Teacher empowerment was the theme of this weekend’s Innovate 2016, my second ever conference. It was a hotbed of ELT activism, the perfect foil to the big-hitter IH BCN, and I left, yes, feeling really empowered. The best evidence of this being the massive to-do list I made, in fact so massive I may follow this up with a second post…
1. Write a blog post or three √
2. Encourage gender equality in ELT by nominating the many excellent female educators/trainers/managers I know, eminently capable and deserving of plenary slots, to Nicola Prentis’ database of female speakers and in turn help more conferences to get a spot on the fair list. I loved Nicola’s *closing plenary on the subject, and the sheer quality of female speakers should be more than enough motivation for everyone in attendance. Join me and nominate!
3. Join the debate and stop being complicit in discriminating against NNESTs (Non-native English speaker teachers). The reasons seem fairly obvious, but just in case you or your students need persuading read Helen Strong’s article or take a look TEFL Equity Advocate’s slideshow. One indignant letter from an Angry Young Polish Man to IH Lisbon changed their hiring policy, so! If you’re still in doubt ELFpron is a great resource and source of info I’d already come across as a result of my DELTA, and I found the quote from Laura Patsko’s plenary (below) apt, and extremely pretty besides.
“He drew a circle that shut me out-
Heretic , rebel, a thing to flout.
But love and I had the wit to win:
We drew a circle and took him In !
– Edwin Markham
4. Try to ‘lead’ more consciously in my work life. Having worked as an account coordinator for a language school, I decided a while back that ELT management wasn’t for me. I usually skip workshops concerning this sphere but Duncan Foord’s Leadership for Teachers forced me to reassess this complacent attitude a bit. Switching ‘leader’ for ‘teacher’ in this cheesy meme shows that (good) leaders and teachers aren’t that different. Contrasting ‘leader’ with ‘manager’ did leave managers sounding like boring jobsworths but I think the point he was trying to make is that a synthesis of leadership qualities with our role benefits us, our students, and colleagues at whatever level, and this idea became immediately salient in the (fiery) end-of-conference discussion group on ’empowerment’ I joined, meditating on what we can do ourselves about the inequity we face in this industry. Not sure we came up with any answers but it was good to let it out! More personally, I think sometimes leading myself is what I need to work on still… Oh, and I love the Delta book series so need to get a hold of his book on Teacher Development which he drew on for the seminar.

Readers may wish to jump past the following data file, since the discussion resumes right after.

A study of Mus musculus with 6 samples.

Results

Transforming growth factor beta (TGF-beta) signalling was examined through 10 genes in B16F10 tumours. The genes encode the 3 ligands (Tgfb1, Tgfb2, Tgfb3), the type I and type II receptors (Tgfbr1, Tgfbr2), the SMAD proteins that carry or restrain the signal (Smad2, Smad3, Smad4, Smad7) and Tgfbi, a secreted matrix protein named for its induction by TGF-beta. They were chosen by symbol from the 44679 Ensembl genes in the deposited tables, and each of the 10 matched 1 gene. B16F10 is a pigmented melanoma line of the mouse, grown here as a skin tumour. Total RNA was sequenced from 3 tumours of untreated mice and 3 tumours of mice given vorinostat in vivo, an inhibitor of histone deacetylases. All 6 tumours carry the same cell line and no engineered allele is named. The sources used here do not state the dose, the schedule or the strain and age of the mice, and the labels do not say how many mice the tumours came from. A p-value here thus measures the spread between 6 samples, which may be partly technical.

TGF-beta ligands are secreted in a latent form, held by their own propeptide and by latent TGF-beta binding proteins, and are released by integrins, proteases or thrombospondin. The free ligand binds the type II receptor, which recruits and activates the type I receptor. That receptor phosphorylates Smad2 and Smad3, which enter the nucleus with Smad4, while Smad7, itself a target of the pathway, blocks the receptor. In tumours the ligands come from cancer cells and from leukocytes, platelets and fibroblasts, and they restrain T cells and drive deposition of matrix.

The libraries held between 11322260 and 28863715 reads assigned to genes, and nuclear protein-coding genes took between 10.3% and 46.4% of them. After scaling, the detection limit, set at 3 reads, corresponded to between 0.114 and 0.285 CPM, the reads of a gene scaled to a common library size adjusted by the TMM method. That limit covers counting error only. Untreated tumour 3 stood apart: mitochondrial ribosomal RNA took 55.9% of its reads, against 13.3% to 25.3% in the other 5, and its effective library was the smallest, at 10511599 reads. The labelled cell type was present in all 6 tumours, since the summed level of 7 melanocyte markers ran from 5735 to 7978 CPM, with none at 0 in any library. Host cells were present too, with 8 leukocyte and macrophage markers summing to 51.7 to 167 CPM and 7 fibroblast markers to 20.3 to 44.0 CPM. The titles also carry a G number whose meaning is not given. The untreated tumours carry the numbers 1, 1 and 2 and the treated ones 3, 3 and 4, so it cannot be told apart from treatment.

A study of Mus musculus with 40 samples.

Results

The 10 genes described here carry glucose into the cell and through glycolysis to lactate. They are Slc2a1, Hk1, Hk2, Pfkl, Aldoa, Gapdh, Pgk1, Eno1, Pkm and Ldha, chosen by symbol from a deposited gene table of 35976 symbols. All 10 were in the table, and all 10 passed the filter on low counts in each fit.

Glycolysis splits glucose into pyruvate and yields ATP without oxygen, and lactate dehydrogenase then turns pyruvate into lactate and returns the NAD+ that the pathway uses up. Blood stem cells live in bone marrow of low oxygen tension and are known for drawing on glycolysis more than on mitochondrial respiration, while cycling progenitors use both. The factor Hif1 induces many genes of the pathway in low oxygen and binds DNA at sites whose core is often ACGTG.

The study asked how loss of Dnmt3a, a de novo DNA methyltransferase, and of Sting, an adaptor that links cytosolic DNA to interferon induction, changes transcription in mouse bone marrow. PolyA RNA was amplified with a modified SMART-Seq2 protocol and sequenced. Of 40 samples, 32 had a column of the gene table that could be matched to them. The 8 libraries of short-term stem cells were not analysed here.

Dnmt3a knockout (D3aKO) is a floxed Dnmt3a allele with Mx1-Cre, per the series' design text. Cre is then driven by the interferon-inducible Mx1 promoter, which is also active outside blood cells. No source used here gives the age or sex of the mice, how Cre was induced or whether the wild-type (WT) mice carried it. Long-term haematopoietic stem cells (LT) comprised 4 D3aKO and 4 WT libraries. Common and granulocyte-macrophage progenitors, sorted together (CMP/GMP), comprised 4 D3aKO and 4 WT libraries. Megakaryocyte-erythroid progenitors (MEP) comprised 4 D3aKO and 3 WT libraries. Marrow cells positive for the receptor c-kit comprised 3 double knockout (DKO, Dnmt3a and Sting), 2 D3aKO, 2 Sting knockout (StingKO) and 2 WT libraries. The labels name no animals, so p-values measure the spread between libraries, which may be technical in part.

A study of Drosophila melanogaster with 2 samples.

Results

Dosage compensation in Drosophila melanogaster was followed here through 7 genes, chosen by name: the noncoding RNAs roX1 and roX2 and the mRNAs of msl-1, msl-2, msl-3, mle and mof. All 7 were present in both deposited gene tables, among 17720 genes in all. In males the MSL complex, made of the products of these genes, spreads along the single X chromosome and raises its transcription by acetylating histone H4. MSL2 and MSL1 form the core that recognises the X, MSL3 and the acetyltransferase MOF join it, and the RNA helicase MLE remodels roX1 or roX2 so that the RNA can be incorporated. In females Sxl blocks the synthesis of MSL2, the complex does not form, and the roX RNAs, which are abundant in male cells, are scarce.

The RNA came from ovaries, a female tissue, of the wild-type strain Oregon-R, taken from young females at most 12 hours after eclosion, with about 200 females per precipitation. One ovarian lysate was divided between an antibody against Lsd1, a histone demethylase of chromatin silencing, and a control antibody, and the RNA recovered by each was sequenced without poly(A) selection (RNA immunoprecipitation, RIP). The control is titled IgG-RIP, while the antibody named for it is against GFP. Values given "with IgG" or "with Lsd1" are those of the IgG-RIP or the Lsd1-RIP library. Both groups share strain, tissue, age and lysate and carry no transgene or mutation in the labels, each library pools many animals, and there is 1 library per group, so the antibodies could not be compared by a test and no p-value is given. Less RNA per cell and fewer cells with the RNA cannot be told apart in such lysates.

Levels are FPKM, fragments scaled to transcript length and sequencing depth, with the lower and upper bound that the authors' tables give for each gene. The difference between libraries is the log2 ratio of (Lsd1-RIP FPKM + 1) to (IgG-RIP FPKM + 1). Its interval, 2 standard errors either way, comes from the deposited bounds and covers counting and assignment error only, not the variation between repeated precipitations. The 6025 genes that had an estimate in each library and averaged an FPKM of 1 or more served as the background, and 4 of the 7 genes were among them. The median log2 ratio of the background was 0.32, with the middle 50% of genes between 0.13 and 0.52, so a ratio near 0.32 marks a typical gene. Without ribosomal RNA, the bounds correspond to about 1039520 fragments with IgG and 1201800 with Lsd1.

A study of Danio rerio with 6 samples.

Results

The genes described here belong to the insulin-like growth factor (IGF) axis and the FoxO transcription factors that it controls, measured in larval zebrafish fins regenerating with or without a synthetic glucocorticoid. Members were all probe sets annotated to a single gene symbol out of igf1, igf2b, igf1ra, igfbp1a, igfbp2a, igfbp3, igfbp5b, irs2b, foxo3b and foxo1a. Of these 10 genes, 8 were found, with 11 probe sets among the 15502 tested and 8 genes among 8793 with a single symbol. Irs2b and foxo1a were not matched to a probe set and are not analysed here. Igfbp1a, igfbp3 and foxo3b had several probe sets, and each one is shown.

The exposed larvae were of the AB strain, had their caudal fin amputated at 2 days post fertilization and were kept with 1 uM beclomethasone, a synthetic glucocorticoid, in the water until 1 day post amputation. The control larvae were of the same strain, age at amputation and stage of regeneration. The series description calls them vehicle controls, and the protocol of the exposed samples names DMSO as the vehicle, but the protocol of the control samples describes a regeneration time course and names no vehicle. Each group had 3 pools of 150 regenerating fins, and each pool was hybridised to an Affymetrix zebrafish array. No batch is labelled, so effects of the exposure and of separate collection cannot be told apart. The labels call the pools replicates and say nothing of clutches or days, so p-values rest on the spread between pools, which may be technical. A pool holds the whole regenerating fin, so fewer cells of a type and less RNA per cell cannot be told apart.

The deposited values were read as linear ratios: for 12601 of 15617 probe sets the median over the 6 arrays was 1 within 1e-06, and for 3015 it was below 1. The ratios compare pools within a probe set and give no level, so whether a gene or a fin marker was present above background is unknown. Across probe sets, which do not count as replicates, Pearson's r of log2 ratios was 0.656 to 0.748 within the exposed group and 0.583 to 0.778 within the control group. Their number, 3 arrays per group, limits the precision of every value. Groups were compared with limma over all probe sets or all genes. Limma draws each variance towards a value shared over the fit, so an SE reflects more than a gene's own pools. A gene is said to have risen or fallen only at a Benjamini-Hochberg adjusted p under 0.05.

5. Learn how to correctly pronounce…
I absolutely LOVED being a total beginner in Ceri Jones‘ fanTASTic Welsh 101. The “out-of-learner-body” experience of observing your own language learning to reboot your teaching practice simply can’t be underestimated. It took me back to a recent full-time Spanish course and provided that final piece of the jigsaw (the total beginner piece) which would have completed my mega-learner-teacher-mind-map of thoughts and feelings scribbled down back then. I think it should be industry standard for every language teacher to, er, learn a language on the regular (Further proof of point 3.)
6. Try to avoid the pitfalls of categorising learners (and teachers for that matter (see point3)). There was a strong nod to humanism in Ben Goldstein’s seminar Learner Categories: What are they for? The human tendency to categorise and label is innate but artificial, often unhelpful and sometimes even a bit sinister, and perhaps optimal teaching, ELT publishing and exams make uneasy bedfellows, not lost on me at a conference. As an aside, you know what, despite being a relatively experienced teacher who’s sat through endless placement tests and is also an IELTS examiner, I STILL have trouble ‘placing’ students. Their use of language is as complex as any human being is. I have issues with reductionism.
7.Get my arse in gear and get round to exploiting the Lesson Study Action Research I completed last year. A chance meeting has this affect on you sometimes (thanks Julie!)
8. Be more time-efficient. If 3 plenaries, and various workshops, can be squeezed into 30 minute slots and not leave me feeling short changed, I can stop using the excuse there’s not enough time and look at ways to pare down my lesson delivery. And my blogposts.
9. Stop singing Public Enemy’s Fight the Power! it’s been stuck in my head all week.
Cheers to ELTjam, OxfordTEFL and InnovateELT, and to all the great speakers I saw for a great conference
*Edit: I removed the word ‘feisty’ to describe Nicola Prentis’ plenary in point 2. Reading it back I realised how gendered this adjective actually is (I would never describe a guy as feisty, would you?). I can’t put my finger on it. It has a generally positive connotation yet sounds unintentionally belittling to me, which goes against the entire theme of the plenary and more broadly gender equality. Any thoughts?